More recently, the indies have been gathering steam, chart-wise. Radiohead's 'In Rainbows' topped sales in its first week of release in 2008, as did Pearl Jam's self-released 'Backspacer' the following year.
Other indie albums performed nearly as well this year, such as the National's 'High Violet,' which debuted in May at No. 3, and country upstart Jason Aldean's 'My Kinda Party,' which hit No. 2 upon its release in November. The uptick in indie chart placement is the result of major changes in the music industry, says Billboard's Cortney Harding.
"What you're seeing is a combination of a couple of different things," says Harding, Billboard's music editor and indies correspondent. For one, in the digital age, the playing field has become more level, she says. Major labels aren't paying for "end cap" displays in giant retail stores to overwhelm buyers with their product, as they did in the past. Instead, indie bands can cut deals with e-commerce sites, such as Amazon, to sell their albums at drastically reduced prices in their opening weeks, as both Arcade Fire and Vampire Weekend did.
There's also the fact that the major labels have largely left rock bands to the indies while they cast about for the next huge pop superstar act. "Arcade Fire could have very easily signed to Columbia," says Harding. "More mainstream bands are signing to indies."
Rock radio has undergone a "huge shift," now playing many more indie-style bands than it used to. And while retail record stores chase the dodo bird toward extinction, the ones that continue to thrive, such as the Northeastern US chain Newbury Comics, cater to an indie-oriented clientele.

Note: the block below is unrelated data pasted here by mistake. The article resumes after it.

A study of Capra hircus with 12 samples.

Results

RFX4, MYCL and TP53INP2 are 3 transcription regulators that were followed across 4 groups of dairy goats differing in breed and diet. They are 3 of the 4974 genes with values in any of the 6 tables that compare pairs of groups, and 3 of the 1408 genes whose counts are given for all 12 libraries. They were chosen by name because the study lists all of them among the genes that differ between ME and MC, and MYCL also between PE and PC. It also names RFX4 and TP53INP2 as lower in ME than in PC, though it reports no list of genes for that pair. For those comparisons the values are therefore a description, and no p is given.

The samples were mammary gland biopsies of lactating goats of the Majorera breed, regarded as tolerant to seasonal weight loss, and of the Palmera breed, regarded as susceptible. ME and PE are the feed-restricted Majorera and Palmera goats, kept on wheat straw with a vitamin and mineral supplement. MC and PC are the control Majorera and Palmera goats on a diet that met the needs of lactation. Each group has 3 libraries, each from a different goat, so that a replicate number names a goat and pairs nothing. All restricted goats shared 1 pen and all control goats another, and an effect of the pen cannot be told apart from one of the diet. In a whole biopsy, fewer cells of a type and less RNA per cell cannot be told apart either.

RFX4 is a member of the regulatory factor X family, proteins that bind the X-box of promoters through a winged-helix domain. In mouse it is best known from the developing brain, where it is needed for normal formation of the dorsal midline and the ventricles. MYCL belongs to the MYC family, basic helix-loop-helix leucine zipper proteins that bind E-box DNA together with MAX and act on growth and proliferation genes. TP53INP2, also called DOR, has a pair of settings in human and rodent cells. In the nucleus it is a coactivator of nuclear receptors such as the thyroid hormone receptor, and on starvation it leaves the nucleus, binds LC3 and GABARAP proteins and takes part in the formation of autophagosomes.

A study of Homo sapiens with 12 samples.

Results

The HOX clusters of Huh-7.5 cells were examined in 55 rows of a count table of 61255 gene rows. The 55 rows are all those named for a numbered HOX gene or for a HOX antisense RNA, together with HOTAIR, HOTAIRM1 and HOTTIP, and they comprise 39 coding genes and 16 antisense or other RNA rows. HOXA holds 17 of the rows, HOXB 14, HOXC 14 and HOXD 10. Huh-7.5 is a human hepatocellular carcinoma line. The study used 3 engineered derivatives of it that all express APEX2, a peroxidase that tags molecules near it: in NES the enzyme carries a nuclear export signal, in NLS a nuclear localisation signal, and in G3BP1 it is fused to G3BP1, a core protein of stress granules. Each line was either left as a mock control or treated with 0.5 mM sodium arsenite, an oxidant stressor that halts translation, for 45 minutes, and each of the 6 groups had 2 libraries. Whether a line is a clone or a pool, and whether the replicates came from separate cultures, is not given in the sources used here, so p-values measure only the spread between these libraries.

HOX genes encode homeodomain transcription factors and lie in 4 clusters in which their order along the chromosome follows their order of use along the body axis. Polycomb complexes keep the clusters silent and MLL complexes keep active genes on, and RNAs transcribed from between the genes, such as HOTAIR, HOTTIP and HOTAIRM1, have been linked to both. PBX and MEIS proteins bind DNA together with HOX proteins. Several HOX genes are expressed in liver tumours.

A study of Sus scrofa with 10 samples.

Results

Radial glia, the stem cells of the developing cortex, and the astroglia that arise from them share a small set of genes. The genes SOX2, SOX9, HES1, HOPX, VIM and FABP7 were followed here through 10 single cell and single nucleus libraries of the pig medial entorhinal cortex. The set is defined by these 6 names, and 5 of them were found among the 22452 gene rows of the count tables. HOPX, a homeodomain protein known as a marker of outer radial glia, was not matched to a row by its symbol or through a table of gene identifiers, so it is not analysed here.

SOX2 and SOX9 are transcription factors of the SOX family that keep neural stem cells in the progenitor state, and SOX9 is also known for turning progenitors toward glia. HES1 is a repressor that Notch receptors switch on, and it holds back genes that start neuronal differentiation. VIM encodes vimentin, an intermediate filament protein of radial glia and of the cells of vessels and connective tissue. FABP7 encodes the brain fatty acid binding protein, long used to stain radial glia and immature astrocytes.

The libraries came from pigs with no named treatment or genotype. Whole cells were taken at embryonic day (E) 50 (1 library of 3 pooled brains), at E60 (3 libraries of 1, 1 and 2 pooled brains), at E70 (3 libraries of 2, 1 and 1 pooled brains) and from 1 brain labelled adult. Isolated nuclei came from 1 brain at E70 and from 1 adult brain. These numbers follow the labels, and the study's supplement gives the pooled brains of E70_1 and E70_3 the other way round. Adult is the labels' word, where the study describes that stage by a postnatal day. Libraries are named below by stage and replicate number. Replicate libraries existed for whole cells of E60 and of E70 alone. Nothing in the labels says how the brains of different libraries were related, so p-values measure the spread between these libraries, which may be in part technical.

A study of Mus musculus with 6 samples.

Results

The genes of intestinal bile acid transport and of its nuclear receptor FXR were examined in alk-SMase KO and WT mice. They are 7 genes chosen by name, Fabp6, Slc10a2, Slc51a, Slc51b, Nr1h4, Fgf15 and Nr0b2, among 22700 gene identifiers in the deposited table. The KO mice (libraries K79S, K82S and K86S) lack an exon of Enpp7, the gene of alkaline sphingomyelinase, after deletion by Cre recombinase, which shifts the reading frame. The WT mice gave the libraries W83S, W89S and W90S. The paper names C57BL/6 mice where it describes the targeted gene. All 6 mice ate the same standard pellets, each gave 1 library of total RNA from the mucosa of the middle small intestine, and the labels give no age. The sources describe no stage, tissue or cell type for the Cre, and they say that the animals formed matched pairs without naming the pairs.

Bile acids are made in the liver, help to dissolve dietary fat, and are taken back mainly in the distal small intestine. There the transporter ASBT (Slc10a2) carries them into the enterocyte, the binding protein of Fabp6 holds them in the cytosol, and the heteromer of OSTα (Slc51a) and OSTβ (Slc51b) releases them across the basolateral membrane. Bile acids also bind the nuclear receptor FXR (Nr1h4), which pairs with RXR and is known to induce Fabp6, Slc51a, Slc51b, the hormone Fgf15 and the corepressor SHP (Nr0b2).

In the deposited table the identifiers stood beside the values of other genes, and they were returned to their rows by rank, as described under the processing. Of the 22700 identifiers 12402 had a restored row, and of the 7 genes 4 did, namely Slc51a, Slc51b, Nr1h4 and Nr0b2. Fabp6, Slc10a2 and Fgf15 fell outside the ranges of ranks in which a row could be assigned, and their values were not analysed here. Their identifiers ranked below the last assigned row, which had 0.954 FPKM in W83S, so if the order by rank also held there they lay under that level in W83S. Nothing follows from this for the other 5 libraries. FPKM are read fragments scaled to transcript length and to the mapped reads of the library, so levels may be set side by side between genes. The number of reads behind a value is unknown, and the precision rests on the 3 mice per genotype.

"It's a self-selecting audience," explains Harding, similar to the way "there are no fat people at your gym." If a breakout band like Mumford and Sons has big sales figures in a given week at Newbury Comics, that's because they appeal to a certain group of people.
On top of all that, with record sales down drastically, bands no longer have to sell in the six figures to make the upper reaches of the charts. The Walkmen, for instance, debuted at No. 27 on the Billboard 200 earlier this year by selling 13,000 copies of 'Lisbon,' on Fat Possum, in its first week of availability.
In an era when the majors have adopted a "go big or go home" stance, Harding writes in the latest issue of Billboard, indie labels are seeing the fruits of their efforts to develop long-term careers for their best bands. The trend, she believes, is likely to continue.
"It could be a blip of a year," she tells Spinner, "but I doubt it."